This week in baseball? It’s kind of a big deal
There may not be more than a handful of days left for major-league owners and players to reach an agreement on economic, health and safety issues before it’ll be too late to have a season.
There are days when, in the stillness of the morning, ennui and lassitude having already set in like a misty fog, nothing seems like a better idea than getting our sports going again.
Baseball, especially. The calendar says bats should be cracking and gloves should be popping as peanut shells crunch underfoot in the aisles of ballparks everywhere. The absence of the game — the barrenness of those ballparks — is one of the countless little things in the spring of 2020 that can weigh on a person.
It’s only baseball. It’s only sports. Even if it isn’t necessary to acknowledge in every sports article that there are far more important things — life-and-death things — going on out there, there are days when not doing so feels a bit too neglectful.
This is one of those days, for whatever it’s worth.
Here comes the “but.”
But there may not be more than a handful of days left for major-league owners and players to reach an agreement on economic, health and safety issues before it’ll be too late to have a season. That makes this the most significant moment in baseball since the Nationals’ Daniel Hudson struck out the Astros’ Michael Brantley to end Game 7 of the World Series.
Will there be a season? Yes. Unless there isn’t. It’s conceivable that baseball could blow this thing and damage its relationship with fans like few times before, but one has to believe that’s even more unlikely than, say, the road team winning all seven games of a World Series. Of course, it was only last October when the Nats lost three at home and won four in Houston.
So, anything’s possible. As we move into a critical week in the sport, though, there are a few things to (hopefully) look forward to.
Perhaps as soon as the second week of June, there could be baseball sounds in Chicago. That’s especially true of the North Side, where the Cubs almost certainly would — with the necessary governmental go-aheads — make Wrigley Field the home base of their workouts.
Wrigley, though, with its main field and bullpens, can’t adequately accommodate all the players — 40 or more of them — who would be preparing for the season. Pitchers need mounds to throw from, and hitters need lots of reps against live arms. Social-distancing, to some extent, must be factored in, too. Obvious stuff. The Cubs likely will seek out a second location, perhaps a nearby college or minor-league park, for workouts.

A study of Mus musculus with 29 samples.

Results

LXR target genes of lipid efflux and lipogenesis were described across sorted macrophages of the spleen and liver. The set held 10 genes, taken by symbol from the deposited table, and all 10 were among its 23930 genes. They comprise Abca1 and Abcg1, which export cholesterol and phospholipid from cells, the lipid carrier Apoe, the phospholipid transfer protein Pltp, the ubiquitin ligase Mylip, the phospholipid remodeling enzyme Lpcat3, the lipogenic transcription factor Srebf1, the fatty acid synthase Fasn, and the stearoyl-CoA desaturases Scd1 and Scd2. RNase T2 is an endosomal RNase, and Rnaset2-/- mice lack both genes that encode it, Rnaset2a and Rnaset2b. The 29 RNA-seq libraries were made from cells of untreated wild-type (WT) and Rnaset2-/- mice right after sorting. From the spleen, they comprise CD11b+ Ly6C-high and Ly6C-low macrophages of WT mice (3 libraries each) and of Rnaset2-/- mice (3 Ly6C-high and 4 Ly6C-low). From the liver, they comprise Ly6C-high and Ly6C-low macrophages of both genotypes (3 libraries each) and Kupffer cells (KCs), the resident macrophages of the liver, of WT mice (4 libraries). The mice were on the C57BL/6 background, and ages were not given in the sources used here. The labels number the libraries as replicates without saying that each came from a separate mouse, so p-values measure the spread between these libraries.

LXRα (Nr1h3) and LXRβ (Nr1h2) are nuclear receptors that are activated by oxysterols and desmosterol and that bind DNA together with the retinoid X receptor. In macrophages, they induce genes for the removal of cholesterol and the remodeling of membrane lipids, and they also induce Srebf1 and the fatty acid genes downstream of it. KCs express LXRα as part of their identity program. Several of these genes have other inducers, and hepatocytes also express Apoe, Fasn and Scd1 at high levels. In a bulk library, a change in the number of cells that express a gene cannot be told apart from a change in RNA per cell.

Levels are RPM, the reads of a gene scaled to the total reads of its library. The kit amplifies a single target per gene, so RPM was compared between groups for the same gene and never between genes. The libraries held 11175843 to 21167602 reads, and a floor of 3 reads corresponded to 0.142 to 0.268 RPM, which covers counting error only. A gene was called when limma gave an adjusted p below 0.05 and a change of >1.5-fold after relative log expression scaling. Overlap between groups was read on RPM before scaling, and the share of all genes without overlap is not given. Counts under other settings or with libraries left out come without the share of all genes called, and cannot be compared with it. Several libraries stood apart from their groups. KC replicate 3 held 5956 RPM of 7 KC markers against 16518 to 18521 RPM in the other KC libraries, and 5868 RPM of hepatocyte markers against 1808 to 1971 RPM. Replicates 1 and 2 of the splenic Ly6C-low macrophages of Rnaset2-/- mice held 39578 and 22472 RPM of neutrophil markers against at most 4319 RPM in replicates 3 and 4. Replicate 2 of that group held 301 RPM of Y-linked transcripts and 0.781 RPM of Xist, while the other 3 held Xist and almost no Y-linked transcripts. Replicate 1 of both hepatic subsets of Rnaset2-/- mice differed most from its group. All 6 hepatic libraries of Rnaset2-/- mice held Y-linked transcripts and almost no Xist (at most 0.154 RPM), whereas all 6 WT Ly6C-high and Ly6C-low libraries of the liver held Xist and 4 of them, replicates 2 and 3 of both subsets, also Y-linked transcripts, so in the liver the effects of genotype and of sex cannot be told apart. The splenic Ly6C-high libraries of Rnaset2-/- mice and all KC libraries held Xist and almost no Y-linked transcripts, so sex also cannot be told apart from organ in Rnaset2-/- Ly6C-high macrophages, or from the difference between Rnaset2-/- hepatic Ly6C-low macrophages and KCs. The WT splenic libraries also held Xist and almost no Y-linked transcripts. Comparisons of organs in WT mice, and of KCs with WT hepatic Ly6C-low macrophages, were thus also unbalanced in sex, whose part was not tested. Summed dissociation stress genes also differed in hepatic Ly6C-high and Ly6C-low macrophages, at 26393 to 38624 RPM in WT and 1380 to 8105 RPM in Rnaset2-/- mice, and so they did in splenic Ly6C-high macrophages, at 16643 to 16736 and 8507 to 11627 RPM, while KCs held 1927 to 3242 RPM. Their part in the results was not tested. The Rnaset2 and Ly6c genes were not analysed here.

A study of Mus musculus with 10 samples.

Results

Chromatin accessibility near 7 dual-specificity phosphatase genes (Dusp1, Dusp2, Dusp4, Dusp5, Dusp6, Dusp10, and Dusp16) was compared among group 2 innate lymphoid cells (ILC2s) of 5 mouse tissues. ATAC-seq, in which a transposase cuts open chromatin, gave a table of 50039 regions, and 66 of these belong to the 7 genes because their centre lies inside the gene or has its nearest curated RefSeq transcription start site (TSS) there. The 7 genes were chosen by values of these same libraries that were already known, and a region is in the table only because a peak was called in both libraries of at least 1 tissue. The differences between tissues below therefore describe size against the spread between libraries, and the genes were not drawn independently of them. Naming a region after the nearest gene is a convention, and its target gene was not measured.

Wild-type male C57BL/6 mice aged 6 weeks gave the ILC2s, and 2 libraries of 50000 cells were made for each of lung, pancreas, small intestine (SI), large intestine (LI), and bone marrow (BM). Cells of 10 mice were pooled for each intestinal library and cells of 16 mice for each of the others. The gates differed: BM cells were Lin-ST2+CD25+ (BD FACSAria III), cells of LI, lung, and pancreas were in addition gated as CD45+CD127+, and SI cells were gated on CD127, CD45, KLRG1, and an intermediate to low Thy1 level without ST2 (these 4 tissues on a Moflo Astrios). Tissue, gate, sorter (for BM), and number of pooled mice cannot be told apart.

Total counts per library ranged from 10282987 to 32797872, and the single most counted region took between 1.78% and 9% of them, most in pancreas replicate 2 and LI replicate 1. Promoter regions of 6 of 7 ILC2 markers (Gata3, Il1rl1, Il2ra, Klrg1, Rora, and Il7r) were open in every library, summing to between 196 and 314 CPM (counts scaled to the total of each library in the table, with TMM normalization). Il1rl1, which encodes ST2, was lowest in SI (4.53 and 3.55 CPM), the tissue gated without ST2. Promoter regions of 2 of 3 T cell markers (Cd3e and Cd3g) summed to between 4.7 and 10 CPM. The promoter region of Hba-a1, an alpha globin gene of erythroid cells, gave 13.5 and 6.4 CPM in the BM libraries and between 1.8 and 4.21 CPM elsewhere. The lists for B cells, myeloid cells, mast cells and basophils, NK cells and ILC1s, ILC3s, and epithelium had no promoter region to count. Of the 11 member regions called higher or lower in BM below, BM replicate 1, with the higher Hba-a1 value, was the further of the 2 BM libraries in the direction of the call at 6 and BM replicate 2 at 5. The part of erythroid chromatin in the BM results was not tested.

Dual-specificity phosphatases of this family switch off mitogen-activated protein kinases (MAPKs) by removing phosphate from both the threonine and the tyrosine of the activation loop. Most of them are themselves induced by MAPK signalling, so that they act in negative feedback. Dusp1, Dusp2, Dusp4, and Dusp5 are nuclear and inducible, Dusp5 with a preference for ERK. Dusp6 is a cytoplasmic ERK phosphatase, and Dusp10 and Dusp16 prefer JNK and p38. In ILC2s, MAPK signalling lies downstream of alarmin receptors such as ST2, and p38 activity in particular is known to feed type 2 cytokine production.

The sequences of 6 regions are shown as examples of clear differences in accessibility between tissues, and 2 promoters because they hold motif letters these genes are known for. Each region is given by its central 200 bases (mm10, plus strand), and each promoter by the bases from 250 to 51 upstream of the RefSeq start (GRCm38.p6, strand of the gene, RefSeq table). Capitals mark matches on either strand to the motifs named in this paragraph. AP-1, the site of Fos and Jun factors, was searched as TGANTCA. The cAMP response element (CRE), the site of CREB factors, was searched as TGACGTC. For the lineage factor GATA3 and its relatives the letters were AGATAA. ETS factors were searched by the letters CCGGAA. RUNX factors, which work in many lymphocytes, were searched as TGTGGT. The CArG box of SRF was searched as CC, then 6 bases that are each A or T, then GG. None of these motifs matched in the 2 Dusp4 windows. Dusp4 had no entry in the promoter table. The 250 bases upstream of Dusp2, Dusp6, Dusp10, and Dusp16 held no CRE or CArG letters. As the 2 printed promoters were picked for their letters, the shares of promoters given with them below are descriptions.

What about the White Sox? They could hold their preseason workouts at Guaranteed Rate Field — with a second location, too — or they might choose to move operations back to Camelback Ranch in Glendale, Arizona. How does 100 degrees sound?
With a target of the first week of July to start a shortened season in which teams might play approximately half the usual number of games, things need to get up and running quickly. Industry sources indicate that position players likely would require three weeks to get ready and that pitchers would need more time than that.
Primarily in order to minimize early stress on pitchers’ arms and bodies, teams could be allowed to carry 30 or more players on their big-league rosters. Don’t expect to see a lot of complete games this season, and, no, that’s not a comment on the local starting pitching. It’s possible roster sizes will be slightly reduced as the season progresses.
With the odds very long that there will be minor-league baseball this season, the Sox, Cubs and all other teams will have to be prepared to take unusual steps to keep certain players who aren’t on big-league rosters ready. Taxi squads will need home bases — the closer, the better, it would seem — not to mention enough bodies to keep putting in sufficient work. If the Cubs and Sox can shuffle players on and off the roster without involving unnecessary air travel, it would be a good thing.
One would expect, too, that before the Cubs and Sox will be ready for Opening Day, they’ll want to get in at least a couple of tune-up games like the dozens they play in the Cactus League under normal circumstances. Who better than each other for that purpose?
A little Crosstown action — Spring Training 2.0-style — might even be, in its own small way, kind of a big deal. Baseball is coming. Fingers crossed.